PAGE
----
At least 49 people, mostly children, are believed to have been killed in landslides caused by heavy rains in northern Rwanda. Another 26 people were injured, with more than 500 houses destroyed and several roads damaged in the incident which occurred over the weekend (7 - 8 May), the Ministry of Disaster Management and Refugee Affairs said in a statement.
"The Government of Rwanda regrets the loss of life and express solidarity with affected families, salutes residents who came to the rescue of their neighbours and those hosting people left homeless, and assures victims of the disaster that required assistance will be provided," read the official release. "Coordinated efforts by all stakeholders have been mobilised to prevent similar disasters from occurring during this rain season."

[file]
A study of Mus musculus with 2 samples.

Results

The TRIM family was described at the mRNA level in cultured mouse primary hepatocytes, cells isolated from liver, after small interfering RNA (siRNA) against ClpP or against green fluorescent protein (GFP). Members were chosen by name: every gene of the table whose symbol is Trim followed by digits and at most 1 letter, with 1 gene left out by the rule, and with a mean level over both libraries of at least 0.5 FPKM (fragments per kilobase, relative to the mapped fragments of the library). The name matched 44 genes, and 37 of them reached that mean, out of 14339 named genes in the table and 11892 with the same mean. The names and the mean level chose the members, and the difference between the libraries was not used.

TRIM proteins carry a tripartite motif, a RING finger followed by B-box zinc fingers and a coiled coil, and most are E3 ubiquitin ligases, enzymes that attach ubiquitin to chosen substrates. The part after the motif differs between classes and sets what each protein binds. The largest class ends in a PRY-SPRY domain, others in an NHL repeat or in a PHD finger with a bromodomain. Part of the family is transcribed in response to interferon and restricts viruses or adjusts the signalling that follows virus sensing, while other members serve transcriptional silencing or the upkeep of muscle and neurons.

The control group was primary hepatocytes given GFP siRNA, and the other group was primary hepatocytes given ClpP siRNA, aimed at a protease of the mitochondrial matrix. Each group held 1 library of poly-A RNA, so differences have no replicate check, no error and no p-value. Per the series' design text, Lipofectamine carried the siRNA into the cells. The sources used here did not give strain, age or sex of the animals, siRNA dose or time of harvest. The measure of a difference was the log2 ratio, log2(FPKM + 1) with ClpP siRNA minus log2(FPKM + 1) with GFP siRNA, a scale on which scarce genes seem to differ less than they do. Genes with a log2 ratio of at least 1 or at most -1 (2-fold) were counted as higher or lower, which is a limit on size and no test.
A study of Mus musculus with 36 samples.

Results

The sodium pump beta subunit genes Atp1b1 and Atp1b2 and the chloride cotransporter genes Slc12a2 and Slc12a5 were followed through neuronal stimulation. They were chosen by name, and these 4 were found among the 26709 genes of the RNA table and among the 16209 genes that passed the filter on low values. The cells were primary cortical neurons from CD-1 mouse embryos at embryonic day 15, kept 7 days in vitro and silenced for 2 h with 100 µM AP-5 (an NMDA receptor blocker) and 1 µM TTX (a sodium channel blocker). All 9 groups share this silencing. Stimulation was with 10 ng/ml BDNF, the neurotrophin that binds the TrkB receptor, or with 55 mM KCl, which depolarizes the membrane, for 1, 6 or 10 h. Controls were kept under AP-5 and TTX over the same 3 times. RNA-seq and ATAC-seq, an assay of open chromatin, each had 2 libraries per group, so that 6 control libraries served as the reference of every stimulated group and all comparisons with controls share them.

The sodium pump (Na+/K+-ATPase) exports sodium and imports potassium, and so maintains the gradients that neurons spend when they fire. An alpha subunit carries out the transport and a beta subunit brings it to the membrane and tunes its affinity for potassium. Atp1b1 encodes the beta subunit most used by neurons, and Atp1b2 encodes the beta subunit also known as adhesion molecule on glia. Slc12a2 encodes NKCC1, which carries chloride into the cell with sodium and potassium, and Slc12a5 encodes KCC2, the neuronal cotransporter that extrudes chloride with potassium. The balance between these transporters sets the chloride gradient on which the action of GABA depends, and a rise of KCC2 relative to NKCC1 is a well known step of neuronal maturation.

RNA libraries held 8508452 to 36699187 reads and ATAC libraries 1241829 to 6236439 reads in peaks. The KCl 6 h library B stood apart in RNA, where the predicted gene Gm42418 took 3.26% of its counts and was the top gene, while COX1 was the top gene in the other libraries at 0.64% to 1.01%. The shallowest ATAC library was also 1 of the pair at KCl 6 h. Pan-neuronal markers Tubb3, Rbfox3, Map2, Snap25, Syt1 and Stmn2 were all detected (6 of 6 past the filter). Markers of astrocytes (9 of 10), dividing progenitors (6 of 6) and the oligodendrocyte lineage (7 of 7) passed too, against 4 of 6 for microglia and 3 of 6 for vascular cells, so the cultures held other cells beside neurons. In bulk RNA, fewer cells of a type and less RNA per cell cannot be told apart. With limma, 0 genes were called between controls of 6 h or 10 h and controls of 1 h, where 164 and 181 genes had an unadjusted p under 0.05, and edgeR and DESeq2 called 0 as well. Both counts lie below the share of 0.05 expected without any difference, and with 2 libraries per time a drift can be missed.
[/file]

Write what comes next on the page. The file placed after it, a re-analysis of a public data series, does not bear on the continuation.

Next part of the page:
El Nino and climate change
Floods and landslides are common in Rwanda during the rainy season. Heavy rains have been affecting several countries in East Africa, where weather conditions have been adversely affected by the El Nino phenomenon resulting in the warming of the Pacific Ocean. Rising temperatures have also caused severe droughts in several Africa countries, where millions are facing food shortages.
Frank Habineza, leader of Rwanda's opposition Democratic Green Party told IBTimes UK climate change had been affecting the landlocked nation. "We have floods that take houses and even lives, even in the capital Kigali. We also have issues related to desertification," he said.
"In the Eastern Province, in 2015, we had internal migrations because people did not have enough food and had to walk from their homes to other areas in the country. There have been climate adaptation policies to address some of these challenges, but as a party we call for more."